Kristen hails from Modesto, CA. She is self-employed, raises chickens in her backyard, and bakes her own bread.
Going "old fashioned" may seem like you're taking a step backward, and it often is. However, there are some things that are just better when done without the new devices and gadgets. Making coffee is one of them. Now, I know what you're thinking, "There's nothing wrong with my electronic coffee maker." Maybe not, but until you've tried brewing your morning cup o' joe via stove top, you don't know what you're missing!
Stove top percolators often come in handy while camping, but they don't have to be limited to adventures in the great outdoors. In fact, I am especially thankful for my stove top percolator in the wintertime, for reasons you'll soon read about!
Why Use a Stove Top Percolator?
- They are easier to clean than electric coffee makers.
- They don't get clogged up by the minerals in tap water, which means they won't slow down over time.
- Electronics eventually wear out and break. A percolator will last much longer (and often costs much less) than an electric coffee maker!
- Your electric coffee maker won't get the coffee as hot as a percolator will (this is especially nice when the weather is cold!)
- Coffee tastes much better when brewed in a percolator than it does in an electronic coffee maker!
- Fill the body of the percolator up with the desired amount of water (using the measurement marks that should be located on the inside).
- Place the pump tube into the water, and slide the grounds basket onto the pump tube.
- Fill the grounds basket with the desired amount of coffee (Coffee filter is optional).
- Place the "spreader" on top of the grounds basket, and then snap the lid onto the percolator.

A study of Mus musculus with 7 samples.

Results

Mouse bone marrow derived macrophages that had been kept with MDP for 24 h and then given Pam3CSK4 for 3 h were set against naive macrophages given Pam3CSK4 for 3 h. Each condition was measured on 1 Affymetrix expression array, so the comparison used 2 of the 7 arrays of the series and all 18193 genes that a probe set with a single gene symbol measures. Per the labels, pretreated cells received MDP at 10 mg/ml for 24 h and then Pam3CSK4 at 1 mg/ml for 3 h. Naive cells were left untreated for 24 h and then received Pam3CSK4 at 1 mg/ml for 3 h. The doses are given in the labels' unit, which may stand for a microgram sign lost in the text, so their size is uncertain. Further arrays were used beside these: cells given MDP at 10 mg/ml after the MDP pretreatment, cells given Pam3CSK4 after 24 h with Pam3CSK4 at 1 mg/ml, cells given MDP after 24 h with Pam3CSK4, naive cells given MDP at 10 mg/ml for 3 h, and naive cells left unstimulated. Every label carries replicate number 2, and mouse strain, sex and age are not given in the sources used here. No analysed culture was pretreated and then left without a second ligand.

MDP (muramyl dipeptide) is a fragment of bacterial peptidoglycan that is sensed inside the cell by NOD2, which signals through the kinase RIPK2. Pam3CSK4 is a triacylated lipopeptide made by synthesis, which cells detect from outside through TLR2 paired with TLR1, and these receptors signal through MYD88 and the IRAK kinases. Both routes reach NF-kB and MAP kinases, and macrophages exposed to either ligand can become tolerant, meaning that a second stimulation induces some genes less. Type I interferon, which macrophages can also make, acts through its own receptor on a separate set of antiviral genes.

- Heat until the water boils, then turn the heat to a low temperature and let the coffee "perk" for several minutes before removing from the heat.
- Pour the coffee, and enjoy! (Careful, the coffee will be very hot!)
Note: This is not nearly as complicated as it sounds. Your percolator should come with an instruction booklet, showing you what the parts are and how to assemble them. It will also give you specific instructions for measuring and timing. For a more detailed explanation, check out the video I've included. That will tell you everything you need to know.
Just like a normal electric coffee maker, a percolator will start to get clogged up with left-over residue from the coffee. The difference is that the percolator is much easier to clean!
The only way I know of to clean an electric coffee maker is to run white vinegar through it a couple of times every month or so. But I'm not good on keeping up with this, as it's usually a lengthy process. After running vinegar through a couple of times, I must also run it a couple more times with just water before brewing another pot of coffee. Otherwise, my coffee will taste like vinegar.
Now, you can clean your percolator this way, too. But instead, I just stick it in the dishwasher! The dishwasher does a wonderful job of removing the gunk and residue that builds up on the inside of the percolator. And between washes in the dishwasher, a little soap and water on a sponge do just fine.